1998 GMC Safari Review
Pros & Cons
- Big inside but small outside. Torquey V-6 engine. Dual airbags. Standard ABS. Available all-wheel drive.
- Fuel economy. Aging design. Intrusive engine cover.
Edmunds' Expert Review
Choosing between a Chevrolet Astro and a GMC Safari is more a matter of image than necessity. Do you want to see Chevrolet's badge every time you approach? Or would it be viscerally satisfying to face those bold "GMC" block letters, with their implication, as brand managers hope, of upscale luxury?
Tangible differences between the two are modest--a fact that's true of most Chevrolet and GMC cousins. Once you've decided that a rear drive (or all wheel drive) General Motors midsize van is the rational choice, you'll likely be satisfied with either one.
Because of their traditional-type full-frame construction and rear-drive layout, Safaris are most adept at heavy hauling and burly trailer towing. Not everyone will relish the truck-like ride over harsh surfaces, but it's not bad at all when the highway smoothes out. Don't expect top-notch fuel mileage, though.
Dual airbags are housed in an artfully styled dashboard, and antilock brakes are standard. For added safety and visibility, daytime running lights blaze the trail. Integrated child safety seats are available for the center bench seat, and the sliding door has a child safety lock. Rear seat heat ducts direct warm air to freezing rear passengers. For 1998, a PassLock theft deterrent system has been added to the Safari.
One slick feature sure to be appreciated by the parents of teenagers is the middle radio option. The driver and front passenger can listen to Casey Kasem up front, or nothing at all, while Junior blasts the local alternative music station into his eardrums via a set of headphone jacks that plug into a separate radio unit in the center row. This option alone is worth the savings in family therapy, don't you think?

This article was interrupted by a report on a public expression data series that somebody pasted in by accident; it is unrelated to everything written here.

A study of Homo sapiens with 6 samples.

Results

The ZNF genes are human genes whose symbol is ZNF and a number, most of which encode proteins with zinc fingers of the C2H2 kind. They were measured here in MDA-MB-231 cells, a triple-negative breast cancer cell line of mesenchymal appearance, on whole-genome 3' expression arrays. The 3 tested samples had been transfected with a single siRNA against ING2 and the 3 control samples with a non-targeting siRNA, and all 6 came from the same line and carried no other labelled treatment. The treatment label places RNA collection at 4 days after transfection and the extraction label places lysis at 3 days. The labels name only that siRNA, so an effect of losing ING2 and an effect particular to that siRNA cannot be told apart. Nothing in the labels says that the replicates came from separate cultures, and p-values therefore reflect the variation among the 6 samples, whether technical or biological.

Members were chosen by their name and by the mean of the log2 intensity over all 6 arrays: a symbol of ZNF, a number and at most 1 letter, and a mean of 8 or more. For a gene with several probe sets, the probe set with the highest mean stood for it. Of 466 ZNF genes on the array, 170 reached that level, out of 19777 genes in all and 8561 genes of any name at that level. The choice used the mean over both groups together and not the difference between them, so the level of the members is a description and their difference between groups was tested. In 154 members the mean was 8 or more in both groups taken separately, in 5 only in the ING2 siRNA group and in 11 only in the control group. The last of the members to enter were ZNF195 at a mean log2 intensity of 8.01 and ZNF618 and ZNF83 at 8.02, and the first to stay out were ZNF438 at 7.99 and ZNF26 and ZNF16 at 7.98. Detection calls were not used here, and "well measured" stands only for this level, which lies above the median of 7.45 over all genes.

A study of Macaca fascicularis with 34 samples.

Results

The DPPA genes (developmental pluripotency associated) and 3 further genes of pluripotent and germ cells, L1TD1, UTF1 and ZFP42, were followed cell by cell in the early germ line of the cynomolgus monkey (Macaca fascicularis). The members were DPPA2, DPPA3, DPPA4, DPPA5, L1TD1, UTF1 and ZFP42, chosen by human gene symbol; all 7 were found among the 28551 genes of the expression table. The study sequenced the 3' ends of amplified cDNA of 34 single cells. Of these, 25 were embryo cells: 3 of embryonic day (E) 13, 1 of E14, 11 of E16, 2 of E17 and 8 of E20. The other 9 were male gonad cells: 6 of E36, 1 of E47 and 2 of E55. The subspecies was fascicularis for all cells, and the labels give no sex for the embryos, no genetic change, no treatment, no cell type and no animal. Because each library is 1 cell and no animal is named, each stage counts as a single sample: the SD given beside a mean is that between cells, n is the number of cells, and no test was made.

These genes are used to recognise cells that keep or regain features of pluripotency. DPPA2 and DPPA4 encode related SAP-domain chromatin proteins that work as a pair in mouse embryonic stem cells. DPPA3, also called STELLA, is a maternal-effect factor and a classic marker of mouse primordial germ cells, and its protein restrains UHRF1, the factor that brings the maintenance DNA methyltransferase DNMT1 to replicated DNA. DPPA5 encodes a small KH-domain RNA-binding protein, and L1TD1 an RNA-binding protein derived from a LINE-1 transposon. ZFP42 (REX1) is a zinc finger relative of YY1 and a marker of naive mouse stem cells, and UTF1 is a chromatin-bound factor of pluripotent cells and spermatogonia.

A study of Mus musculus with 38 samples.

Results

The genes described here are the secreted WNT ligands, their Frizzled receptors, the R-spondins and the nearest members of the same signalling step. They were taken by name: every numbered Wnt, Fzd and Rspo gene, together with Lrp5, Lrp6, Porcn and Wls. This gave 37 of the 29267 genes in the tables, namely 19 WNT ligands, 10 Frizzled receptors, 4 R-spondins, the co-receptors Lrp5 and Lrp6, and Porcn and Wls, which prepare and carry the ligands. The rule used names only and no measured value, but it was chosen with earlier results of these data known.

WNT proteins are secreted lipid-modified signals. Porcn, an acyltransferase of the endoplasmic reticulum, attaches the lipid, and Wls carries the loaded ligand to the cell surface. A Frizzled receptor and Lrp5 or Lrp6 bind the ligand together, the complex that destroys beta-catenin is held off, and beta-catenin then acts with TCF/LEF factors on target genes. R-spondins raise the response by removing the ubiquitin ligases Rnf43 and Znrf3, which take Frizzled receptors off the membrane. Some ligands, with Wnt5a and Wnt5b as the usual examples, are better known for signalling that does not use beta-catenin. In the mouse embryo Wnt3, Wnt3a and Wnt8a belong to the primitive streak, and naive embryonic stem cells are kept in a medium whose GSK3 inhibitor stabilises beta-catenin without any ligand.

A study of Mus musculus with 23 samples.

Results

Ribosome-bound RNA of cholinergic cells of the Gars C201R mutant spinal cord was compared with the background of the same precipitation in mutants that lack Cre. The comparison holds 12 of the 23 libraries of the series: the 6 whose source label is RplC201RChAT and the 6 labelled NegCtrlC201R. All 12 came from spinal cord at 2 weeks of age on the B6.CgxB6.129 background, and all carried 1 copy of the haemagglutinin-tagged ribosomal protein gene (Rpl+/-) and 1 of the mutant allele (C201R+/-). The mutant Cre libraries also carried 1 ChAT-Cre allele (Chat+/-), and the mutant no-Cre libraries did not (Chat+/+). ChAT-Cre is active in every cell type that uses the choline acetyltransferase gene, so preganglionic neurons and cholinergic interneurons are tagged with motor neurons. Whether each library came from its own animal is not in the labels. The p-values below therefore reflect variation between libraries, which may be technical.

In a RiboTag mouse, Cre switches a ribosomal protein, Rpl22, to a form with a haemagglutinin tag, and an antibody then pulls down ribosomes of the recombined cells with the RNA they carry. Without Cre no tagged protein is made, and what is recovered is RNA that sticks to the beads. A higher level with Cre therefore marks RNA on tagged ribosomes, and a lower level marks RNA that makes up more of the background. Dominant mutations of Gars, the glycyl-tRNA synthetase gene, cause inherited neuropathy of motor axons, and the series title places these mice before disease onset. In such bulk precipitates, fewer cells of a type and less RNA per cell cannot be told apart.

GM's 4300 Vortec V6 is standard, sending 190 horsepower to an electronically controlled four-speed automatic transmission. Long-life engine coolant and 100,000-mile spark plugs help keep maintenance costs to a minimum. This year brings transmission refinements that result in improved fuel economy, better shift quality and increased reliability.
Safaris come in three trim levels. The FE2 touring suspension option has stiffer shocks, a rear stabilizer bar and grabby Goodyear rubber for a firmer, controlled ride. Eight-passenger seating is standard in Safaris with SLE or SLT trim, and available in the base SLX rendition. Several new colors are available for 1997.
Whether rear drive or running full-time all-wheel drive, Safaris serve the muscular tasks that a front-drive minivan just cannot handle--yet transport a family in a fashion that won't produce pangs of pain.